It’s not just right-wing hacks like Beck that get China all wrong. Liberals who insist on seeing China as painfully repressed and brutalized can sometimes be even more way off. This piece in today’s Huffington Post is a great example of a left-leaning activist who looks at rebellion in Tibet and other demonstrations and thinks a successful Tiananmen Square-type uprising may be imminent.
In spite of China’s image as a high-functioning economy, many of the social causes of mass discontent that exploded in the Arab world — endemic corruption, income inequality, labor unrest, inflation, pollution — continue to plague the nation. Since 2008, China has witnessed the Tibetan uprising, the Uyghur uprising in East Turkestan, and 90,000 mass incidents of public unrest each year. The Chinese government spends almost as much money on maintaining internal security as on its national defense. This underlines the overwhelming danger the regime faces from within its own empire.
2011 marks exactly a century since a previous generation of Chinese overthrew the Manchu dynasty and established a republic that lasted till 1949. This week, as organizers of a “Jasmine Revolution” issued calls for protest rallies every Sunday in thirteen cities in China, I started to feel that the stars are aligned against dictatorships everywhere. If the Chinese people seize this opportunity by combining nonviolent tools with strategic planning, they stand to liberate a quarter of the world’s population. It is about time.
This argument is weak on so many levels. The suppression of the Uyghur and Tibetan uprisings is supported by most Chinese people, and will in no way contribute to a spirit of revolution. Most Chinese people, from everything I see and hear, don’t yearn to be “liberated” and resent it when we in the West insist they do. Pointing to Tibet and Xinjiang and concluding Chinese everywhere are in the mood to revolt shows a fundamental misunderstanding of what China is today.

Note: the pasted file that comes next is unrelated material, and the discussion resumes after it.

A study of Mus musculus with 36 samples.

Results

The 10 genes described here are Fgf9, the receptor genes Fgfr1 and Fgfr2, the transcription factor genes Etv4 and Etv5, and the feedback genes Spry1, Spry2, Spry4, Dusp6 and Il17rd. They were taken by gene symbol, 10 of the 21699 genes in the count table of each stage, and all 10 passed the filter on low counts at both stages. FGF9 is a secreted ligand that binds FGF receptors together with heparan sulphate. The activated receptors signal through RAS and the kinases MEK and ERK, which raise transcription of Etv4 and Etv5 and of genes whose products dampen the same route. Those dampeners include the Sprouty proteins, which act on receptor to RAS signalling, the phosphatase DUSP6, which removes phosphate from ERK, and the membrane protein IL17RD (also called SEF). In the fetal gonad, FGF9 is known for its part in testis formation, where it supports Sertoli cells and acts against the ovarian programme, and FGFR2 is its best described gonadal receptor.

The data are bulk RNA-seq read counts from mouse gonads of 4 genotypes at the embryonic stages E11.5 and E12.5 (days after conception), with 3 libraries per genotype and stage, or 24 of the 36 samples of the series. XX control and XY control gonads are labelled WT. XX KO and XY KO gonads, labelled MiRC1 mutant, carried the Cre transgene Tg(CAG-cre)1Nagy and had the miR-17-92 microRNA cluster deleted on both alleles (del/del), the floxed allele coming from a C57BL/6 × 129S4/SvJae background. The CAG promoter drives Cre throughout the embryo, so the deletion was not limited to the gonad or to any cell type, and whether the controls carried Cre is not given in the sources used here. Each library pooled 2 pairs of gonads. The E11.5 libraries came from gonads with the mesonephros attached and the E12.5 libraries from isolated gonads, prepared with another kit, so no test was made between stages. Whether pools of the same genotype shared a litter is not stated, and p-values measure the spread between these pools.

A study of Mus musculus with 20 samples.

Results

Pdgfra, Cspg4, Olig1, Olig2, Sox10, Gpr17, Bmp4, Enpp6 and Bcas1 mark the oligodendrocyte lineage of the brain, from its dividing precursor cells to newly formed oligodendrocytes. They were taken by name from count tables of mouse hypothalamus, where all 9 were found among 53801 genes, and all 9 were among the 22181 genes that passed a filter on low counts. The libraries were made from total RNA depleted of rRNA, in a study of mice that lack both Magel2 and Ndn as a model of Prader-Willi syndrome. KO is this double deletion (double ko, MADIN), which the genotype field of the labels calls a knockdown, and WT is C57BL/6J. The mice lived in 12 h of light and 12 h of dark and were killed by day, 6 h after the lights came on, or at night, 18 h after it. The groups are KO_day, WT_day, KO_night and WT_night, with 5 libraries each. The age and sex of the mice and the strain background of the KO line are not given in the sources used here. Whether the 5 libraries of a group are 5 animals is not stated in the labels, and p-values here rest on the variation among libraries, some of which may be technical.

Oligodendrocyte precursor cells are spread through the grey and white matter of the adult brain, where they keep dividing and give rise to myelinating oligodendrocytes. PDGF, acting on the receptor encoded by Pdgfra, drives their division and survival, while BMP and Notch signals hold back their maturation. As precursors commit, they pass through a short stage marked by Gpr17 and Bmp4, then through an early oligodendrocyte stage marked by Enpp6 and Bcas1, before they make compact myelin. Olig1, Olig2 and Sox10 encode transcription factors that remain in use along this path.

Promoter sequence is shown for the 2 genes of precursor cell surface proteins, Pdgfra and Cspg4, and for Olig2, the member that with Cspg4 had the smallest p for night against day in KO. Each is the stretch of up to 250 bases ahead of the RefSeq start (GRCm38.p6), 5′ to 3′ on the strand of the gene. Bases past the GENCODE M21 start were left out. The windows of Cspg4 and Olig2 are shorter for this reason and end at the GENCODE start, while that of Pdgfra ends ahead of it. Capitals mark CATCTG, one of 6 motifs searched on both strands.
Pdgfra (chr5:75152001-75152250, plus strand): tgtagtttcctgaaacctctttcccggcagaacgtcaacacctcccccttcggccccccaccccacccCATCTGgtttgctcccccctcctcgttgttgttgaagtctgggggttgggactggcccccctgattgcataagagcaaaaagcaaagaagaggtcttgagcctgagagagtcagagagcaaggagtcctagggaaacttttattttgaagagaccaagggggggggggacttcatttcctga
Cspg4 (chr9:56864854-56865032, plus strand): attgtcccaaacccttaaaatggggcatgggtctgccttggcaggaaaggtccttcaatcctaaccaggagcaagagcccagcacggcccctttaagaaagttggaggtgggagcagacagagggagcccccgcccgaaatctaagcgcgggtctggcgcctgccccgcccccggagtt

Maybe sometime in the future the disenfranchised of China will find a means to coalesce and stand up en masse to the government. That could really happen, someday. But China’s middle class and many of its working poor, who see a lot of opportunity for their future, are simply not interested, as Yajun eloquently argued.
If the right-wing is paranoid and hysterical about China, the left-wing can be wildly simplistic. And both sides can be very, very ignorant. There’s a lot of anger at the CCP and a lot of discontent among the have-nots. But China simply cannot be compared to Tunisia and Egypt, where many of those organizing the protests were in the middle class and relatively well educated. These were the ones using social media. China’s middle class and its intellectuals are hardly in the mood for open revolt. They don’t want to spoil what they’ve worked so hard to achieve. For them, it’s absolutely not “about time.” And it may never be.
Richard Burger is the author of Behind the Red Door: Sex in China, an exploration of China's sexual revolution and its clash with traditional Chinese values.